If you’re interested in volunteering but not sure what to hang your hat on, you might consider serving as a council member for the MU Extension. As KSMU’s Jennifer Davidson reports, counties in southwest Missouri are accepting nominations.
Through a new partnership with Far East University in South Korea, Missouri State University students will be able to exhibit their art and design projects overseas. Currently, the University is displaying works from Korean students in an exhibit entitled, “Exchange”. KSMU’s Shannon Bowers has this report.
In this segment of Around the World, Here at Home, we hear from Heinz and Vroni Buff of Douglas County, Missouri. These two dairy farmers came to the US in search of opportunity for themselves and their children after regulations for dairy farmers became too burdensome for them in Switzerland.
Churches in Springfield, Hollister and West Plains are hosting a special guest from across the pond: a reverend from Northern Irelandwhose mission is about community building and healing. KSMU’s Theresa Bettmann shares his story.
This is the story of a rural community that refused to go down. The Haunting in the Hills festival is one that hundreds of families in southern Missouri look forward to each October...but this year, with federal cutbacks and the government shutdown, the event itself almost became a ghost story. KSMU's Theresa Bettmann shares one example of Ozarks’ perseverance.
The City of Springfield has launched a fundraising effort to build a roadside park celebrating the city’s history as the birthplace of Route 66. Also known as the “Mother Road”, it was part of the original highway system in the 1960’s, running from Chicago, Illinois to Santa Monica, California. KSMU’s Shannon Bowers has this story.
As the federal government's partial shutdown continues, we’re looking at how local agencies are affected. Wilson’s Creek National Battlefield and the Ozark National Scenic Riverways are closed, and their federal employees have been told to stay home with no pay. KSMU’s Jennifer Davidson asked two local Head Start programs how they’re faring—Head Start receives federal funding to teach and feed children of low-income households across the country.
In this final segment of our Sense of Community series on Debt in the Ozarks, we’re turning back a few pages in our history books to examine what shaped our area’s perception on debt—and whether that perception is at all unique because of this history. KSMU's Jennifer Davidson brings us more.
The Community Focus Steering Committee has released its annual report card for Greene County—that’s a study of the community’s achievements and areas of need over a two-year period. KSMU’s Anna Thomas looks into the community’s blue ribbons and red flags.
Marideth Sisco is known in these parts for many things: she's the singer for The Blackberry Winter Band, which rose to fame after its work with the Oscar-winning film "Winter's Bone." She's a folklorist and Ozarks storyteller. But she's also near and dear to the KSMU family: she writes our popular series These Ozarks Hills. Right now, Marideth Sisco is in the midst of cancer treatments. And artists around the region are gathering tomorrow (Sat, 9/28) at the Yellow House Community Arts Center in West Plains for her sake. Jennifer Davidson sat down with one of the event’s organizers, and has this interview to share.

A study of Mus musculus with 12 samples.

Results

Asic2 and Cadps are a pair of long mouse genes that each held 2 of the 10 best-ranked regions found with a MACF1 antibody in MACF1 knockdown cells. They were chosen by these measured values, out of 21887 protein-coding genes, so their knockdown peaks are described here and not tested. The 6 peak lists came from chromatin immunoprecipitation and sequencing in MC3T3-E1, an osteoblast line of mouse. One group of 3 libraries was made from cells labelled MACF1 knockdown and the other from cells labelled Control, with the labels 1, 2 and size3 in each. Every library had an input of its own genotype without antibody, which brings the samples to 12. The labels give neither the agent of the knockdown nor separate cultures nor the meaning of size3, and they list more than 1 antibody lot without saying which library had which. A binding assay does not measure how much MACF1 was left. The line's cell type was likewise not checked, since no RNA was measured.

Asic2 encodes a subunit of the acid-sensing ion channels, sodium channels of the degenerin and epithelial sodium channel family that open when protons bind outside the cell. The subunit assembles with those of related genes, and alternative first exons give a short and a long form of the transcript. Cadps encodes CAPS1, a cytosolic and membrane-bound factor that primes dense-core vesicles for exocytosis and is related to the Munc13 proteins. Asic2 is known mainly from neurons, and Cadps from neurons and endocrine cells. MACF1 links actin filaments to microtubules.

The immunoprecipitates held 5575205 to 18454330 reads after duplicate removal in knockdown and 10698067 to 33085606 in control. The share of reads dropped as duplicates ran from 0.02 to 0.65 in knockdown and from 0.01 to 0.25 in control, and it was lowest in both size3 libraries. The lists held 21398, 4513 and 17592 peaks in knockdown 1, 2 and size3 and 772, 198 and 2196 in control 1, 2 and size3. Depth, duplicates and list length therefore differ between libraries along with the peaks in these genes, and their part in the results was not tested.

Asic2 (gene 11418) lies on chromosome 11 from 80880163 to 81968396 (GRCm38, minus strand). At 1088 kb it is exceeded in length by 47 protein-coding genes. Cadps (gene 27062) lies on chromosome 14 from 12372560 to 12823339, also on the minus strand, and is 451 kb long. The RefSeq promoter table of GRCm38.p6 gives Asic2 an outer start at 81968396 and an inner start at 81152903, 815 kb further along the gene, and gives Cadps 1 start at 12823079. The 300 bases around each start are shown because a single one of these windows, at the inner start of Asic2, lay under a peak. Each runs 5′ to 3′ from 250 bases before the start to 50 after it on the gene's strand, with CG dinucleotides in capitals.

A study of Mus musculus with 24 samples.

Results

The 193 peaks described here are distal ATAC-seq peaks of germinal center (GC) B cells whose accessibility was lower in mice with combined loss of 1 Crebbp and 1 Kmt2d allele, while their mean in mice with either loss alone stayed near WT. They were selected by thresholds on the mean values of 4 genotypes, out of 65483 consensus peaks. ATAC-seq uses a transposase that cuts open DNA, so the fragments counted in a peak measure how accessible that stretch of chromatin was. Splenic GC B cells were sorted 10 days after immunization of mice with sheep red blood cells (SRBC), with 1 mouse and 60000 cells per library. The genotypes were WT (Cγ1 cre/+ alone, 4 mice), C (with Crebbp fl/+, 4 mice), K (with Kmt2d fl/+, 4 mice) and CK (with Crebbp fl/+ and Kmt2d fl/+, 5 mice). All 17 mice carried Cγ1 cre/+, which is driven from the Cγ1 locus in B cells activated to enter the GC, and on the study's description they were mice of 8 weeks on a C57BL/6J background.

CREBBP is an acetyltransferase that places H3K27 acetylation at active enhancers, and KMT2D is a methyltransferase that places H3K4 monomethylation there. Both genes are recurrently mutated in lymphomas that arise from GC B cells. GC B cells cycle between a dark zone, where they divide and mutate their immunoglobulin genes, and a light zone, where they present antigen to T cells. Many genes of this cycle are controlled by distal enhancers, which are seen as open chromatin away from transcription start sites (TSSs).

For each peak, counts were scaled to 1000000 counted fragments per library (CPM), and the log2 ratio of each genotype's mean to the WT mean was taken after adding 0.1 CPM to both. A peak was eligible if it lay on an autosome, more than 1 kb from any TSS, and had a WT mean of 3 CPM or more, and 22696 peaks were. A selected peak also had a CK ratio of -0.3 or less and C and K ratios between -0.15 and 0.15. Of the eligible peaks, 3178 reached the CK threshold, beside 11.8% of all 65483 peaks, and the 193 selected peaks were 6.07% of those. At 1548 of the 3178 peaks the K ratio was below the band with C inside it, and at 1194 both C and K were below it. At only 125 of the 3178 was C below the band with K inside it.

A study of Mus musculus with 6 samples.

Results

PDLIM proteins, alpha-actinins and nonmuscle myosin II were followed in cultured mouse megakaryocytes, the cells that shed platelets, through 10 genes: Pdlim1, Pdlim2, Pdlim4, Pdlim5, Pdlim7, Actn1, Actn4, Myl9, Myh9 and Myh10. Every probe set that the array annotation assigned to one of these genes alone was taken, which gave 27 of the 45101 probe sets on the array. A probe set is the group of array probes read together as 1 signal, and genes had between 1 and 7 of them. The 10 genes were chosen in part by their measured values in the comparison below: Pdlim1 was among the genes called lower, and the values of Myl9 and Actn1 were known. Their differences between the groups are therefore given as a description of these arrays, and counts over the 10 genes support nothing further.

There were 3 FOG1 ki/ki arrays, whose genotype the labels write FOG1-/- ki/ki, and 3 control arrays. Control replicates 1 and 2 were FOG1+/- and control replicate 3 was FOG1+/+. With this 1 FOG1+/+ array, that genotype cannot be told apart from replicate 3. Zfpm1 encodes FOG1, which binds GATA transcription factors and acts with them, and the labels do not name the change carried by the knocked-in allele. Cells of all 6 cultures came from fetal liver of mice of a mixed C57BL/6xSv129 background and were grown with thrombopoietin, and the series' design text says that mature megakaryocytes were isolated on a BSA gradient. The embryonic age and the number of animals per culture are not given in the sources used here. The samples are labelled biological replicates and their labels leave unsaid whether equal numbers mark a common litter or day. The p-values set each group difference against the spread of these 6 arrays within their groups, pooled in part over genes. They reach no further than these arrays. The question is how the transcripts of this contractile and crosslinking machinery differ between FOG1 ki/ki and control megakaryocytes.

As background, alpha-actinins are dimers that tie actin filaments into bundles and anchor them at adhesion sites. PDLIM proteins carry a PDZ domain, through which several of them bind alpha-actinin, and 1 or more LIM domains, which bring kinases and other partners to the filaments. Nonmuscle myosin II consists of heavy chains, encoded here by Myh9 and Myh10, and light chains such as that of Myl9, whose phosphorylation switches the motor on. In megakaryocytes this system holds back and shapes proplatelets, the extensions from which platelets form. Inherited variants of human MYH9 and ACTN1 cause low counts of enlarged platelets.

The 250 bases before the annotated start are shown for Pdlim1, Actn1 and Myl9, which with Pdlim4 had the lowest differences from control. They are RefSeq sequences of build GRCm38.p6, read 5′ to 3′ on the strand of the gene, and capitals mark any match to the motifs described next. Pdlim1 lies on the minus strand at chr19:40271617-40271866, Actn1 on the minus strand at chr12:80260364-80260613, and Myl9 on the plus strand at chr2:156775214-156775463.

In the Ozarks, average home prices fluctuated little during the peak and subsequent pop of the Housing Bubble, but what does that mean for a home buyer getting a 5% loan for -1% rate of return 30 years later?
Springfield’s Jewish community played a crucial part in shaping our region…but the community’s role is largely unknown to the public. A new book aims to change that, and give that religious community the recognition it deserves. As part of our ongoing Sense of Place series on local history, KSMU’s Julie Greene has more.
Marideth Sisco, the host of KSMU's These Ozarks Hills, is in the midst of radiation treatment for cancer. In this segment, she wanted to share her journey, and what it's teaching her about the friends and loved ones she holds dear.
While Missouri lawmakers in Washington may agree that the President should consult Congress before taking military action against the Assad regime, they’re not saying yet whether they will vote to authorize a U.S. military campaign in Syria. KSMU’s Shane Franklin has the story.
In many states, convicted rapists are given custody rights to the children born as a result of that rape—despite their conviction in court, and despite the mother’s objections. But that’s no longer the case in Missouri, and due to a new law in Arkansas, it won’t be the case there anymore, either. KSMU’s Jennifer Davidson has details.
There’s a network of people in the Ozarks dedicated to saving animals from being put to sleep, and their hard work is paying off. KSMU’s Shane Franklin recently visited the Springfield Animal Shelter and has this story.
The Community Foundation of the Ozarks encourages us to leave 5% of our estate values to charitable causes in our communities. In the Ozarks alone over the next 10 years, that could amount to 2.3 billion dollars. On this edition of Making a Difference Where You Live, we learn about the Transfer of Wealth and the 5% Solution.
Calling it an economic spark for downtown, Springfield developers and officials expressed excitement during groundbreaking festivities for Hotel Vandivort. KSMU’s Scott Harvey has more on the plans for this historic structure, which is scheduled to open in mid-2014.